Integrating Raspberry Pi with Azure IoT Hub

Author by Concurrency Blog

Over the past couple years I've been getting more and more involved in home automation. I recently setup and configured OpenHAB. It's running on Raspbian Linux on my Raspberry Pi 2 to communicate with smart devices around my home. Using Azure Automation, I have built some logic around scheduling lights based on sunset and sunrise. In this blog post, we'll go over the next step I've taken to cloud-connect my home by integrating my Raspberry Pi with Azure IoT Hub to support bi-directional communication with services in the cloud.

 

Until now, I was using OpenHAB's REST API to communicate with my Rasperry Pi. This meant that any events, such as opening a door, would only be recorded if I had some sort of automation on a schedule poll for these events. Using Azure's IoT Hub, you can configure devices and services to communicate bi-directionally.

 

The first step in getting start with IoT Hub, is to log in to the Azure Portal and navigate to the IoT Hub blade. Click Add to create a new hub.

 


 


 


 


 

Sudo apt-get install npm
Sudo npm install -g npm@2.x

 

Once NPM is installed, you'll want to install the latest version of the Azure IoT Hub package. You'll also need an IoT Hub transport package of some kind. I used HTTP. For the full documentation, refer to GitHub. These commands install the core package and the HTTP transport package. 

 

Sudo npm install -g azure-iot-device@latest
Sudo npm install -g azure-iot-device-http@latest

 

There is handy tool you can also install to help register your device with your IoT Hub; the IoT Explorer. It's a cross-platform, command line Node.JS app that can manage your IoT Hub and devices. You can use NPM to install it. 

 

Sudo npm install -g iot-explorer@latest

 

Once IoT Explorer is installed, you'll be able to register your device with the IoT Hub. You could actually run IoT Explorer from any box running Node.JS. It's not necessary to run this on the Pi. The syntax for registering a device is as follows. Make sure there are quotes around your connection string. You can specify whatever device name you'd like. I just called mine "Pi".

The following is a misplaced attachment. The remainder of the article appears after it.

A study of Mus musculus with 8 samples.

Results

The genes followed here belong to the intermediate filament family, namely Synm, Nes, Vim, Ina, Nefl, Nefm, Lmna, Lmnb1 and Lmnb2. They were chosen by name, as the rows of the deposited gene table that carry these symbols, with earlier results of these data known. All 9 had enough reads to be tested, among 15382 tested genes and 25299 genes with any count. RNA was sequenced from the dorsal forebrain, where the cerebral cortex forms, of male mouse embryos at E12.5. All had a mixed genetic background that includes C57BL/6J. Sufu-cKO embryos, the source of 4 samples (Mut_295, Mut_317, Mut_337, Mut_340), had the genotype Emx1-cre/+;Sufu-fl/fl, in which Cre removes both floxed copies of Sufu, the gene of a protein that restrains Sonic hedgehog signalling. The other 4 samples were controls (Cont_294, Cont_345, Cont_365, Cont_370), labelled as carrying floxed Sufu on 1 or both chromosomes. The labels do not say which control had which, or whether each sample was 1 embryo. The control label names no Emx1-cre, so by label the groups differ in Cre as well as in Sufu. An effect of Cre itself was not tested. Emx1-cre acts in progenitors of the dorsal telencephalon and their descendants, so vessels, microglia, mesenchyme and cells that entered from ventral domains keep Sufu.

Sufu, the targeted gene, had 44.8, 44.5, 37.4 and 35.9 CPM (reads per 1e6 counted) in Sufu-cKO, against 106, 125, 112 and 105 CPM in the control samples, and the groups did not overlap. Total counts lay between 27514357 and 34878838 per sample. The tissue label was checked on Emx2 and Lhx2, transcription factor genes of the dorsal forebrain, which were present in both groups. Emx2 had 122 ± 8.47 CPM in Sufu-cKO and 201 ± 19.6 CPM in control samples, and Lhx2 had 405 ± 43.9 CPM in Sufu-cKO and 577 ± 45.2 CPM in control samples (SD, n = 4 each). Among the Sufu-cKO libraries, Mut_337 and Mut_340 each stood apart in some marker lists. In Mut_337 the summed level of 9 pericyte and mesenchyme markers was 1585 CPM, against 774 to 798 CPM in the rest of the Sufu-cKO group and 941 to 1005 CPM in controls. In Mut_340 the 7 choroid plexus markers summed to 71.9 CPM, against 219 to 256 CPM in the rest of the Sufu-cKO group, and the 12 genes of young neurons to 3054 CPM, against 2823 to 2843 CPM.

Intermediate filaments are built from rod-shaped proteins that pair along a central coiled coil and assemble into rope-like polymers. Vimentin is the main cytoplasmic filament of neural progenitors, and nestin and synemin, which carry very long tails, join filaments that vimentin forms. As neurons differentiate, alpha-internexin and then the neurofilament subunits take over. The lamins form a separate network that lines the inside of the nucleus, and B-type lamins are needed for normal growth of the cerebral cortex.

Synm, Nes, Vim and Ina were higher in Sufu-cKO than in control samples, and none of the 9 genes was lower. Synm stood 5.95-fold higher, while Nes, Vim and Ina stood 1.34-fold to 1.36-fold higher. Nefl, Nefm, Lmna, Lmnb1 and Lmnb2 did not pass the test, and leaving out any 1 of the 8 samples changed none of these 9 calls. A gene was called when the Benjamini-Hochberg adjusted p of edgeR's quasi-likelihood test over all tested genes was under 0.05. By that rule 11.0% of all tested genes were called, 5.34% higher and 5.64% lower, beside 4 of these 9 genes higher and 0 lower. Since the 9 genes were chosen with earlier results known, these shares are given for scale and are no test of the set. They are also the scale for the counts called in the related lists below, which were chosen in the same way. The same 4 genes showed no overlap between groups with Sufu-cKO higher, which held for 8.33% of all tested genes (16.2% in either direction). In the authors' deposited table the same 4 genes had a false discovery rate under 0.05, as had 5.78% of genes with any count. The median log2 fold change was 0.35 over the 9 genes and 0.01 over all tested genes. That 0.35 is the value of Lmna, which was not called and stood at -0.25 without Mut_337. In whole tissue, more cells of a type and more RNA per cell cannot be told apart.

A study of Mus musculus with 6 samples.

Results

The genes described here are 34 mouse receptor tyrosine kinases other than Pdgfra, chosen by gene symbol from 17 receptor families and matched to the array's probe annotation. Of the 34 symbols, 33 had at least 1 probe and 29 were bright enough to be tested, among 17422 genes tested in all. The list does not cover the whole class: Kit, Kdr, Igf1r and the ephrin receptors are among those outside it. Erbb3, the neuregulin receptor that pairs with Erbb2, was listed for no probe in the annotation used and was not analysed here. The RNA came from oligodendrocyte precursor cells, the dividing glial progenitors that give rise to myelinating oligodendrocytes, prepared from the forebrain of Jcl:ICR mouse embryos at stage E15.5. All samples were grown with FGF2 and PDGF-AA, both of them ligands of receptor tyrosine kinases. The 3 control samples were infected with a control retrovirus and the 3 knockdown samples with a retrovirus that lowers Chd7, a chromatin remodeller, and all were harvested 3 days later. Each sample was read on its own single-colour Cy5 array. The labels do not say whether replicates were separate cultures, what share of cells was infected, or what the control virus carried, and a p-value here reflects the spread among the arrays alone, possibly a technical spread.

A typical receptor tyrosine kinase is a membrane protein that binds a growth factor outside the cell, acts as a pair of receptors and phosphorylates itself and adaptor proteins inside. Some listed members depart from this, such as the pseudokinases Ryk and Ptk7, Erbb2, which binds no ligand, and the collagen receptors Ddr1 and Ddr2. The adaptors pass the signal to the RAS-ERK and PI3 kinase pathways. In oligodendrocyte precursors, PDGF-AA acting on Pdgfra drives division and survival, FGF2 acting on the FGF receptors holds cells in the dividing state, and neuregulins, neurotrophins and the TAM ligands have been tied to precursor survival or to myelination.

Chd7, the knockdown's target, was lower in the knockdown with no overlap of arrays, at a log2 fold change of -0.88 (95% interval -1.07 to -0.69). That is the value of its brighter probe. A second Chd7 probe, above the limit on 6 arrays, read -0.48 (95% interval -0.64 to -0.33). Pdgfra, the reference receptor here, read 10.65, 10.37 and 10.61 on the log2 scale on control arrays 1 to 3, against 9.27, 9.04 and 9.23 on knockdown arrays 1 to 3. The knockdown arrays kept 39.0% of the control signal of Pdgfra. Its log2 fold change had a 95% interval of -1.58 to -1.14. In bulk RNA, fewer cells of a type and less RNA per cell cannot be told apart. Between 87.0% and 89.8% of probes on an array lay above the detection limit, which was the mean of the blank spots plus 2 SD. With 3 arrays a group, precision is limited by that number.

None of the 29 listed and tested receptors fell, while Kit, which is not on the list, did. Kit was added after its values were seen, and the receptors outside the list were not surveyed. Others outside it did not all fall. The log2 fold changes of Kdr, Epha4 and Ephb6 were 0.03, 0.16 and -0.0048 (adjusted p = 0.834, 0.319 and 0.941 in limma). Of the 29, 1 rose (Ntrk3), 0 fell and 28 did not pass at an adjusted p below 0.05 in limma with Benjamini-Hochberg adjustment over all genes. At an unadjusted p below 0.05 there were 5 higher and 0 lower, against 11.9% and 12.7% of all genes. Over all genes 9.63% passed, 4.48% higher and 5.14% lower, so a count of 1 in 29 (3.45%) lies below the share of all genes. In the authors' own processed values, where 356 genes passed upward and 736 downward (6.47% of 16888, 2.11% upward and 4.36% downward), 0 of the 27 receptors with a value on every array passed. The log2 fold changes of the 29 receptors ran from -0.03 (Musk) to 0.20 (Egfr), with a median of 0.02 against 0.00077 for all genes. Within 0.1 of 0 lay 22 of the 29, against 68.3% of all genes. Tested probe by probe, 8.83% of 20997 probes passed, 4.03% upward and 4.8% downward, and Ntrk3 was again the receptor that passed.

Iot-explorer login "<IoT Hub Connection string>"
Iot-explorer create <DeviceName> --connection-string

 

Specifying the --connection-string argument causes the iot-explorer to return a device-specific connection string you'll use with your device. You can always look up this connection string in the portal.

 

Now that everything is installed, you'll be able to run your first IoT Hub Node.JS script. Here's an example that I took from Microsoft's GitHub pages. It will send a message and waits for a message back from the cloud.

 

var connectionString = '<your device connection string>';
var clientFromConnectionString = require('/usr/lib/node_modules/azure-iot-device-http').clientFromConnectionString;
var client = clientFromConnectionString(connectionString);
var Message = require('/usr/lib/node_modules/azure-iot-device').Message;
var msg = new Message('some data from my device');
var connectCallback = function (err) {
  if (err) {
    console.error('Could not connect: ' + err);
  } else {
    console.log('Client connected');
    var message = new Message('some data from my device');
    client.sendEvent(message, function (err) {
      if (err) console.log(err.toString());
    });
    client.on('message', function (msg) {
      console.log(msg);
      client.complete(msg, function () {
        console.log('completed');
      });
    });
  }
};
client.open(connectCallback);

 

Now you can run your above script by saving it as a JavaScript file on the Pi and then running the command line below.

 

node myScript.js

 

If you want to see data that the Pi is sending, you can use the Device Explorer app to receive messages and send messages back to the Pi.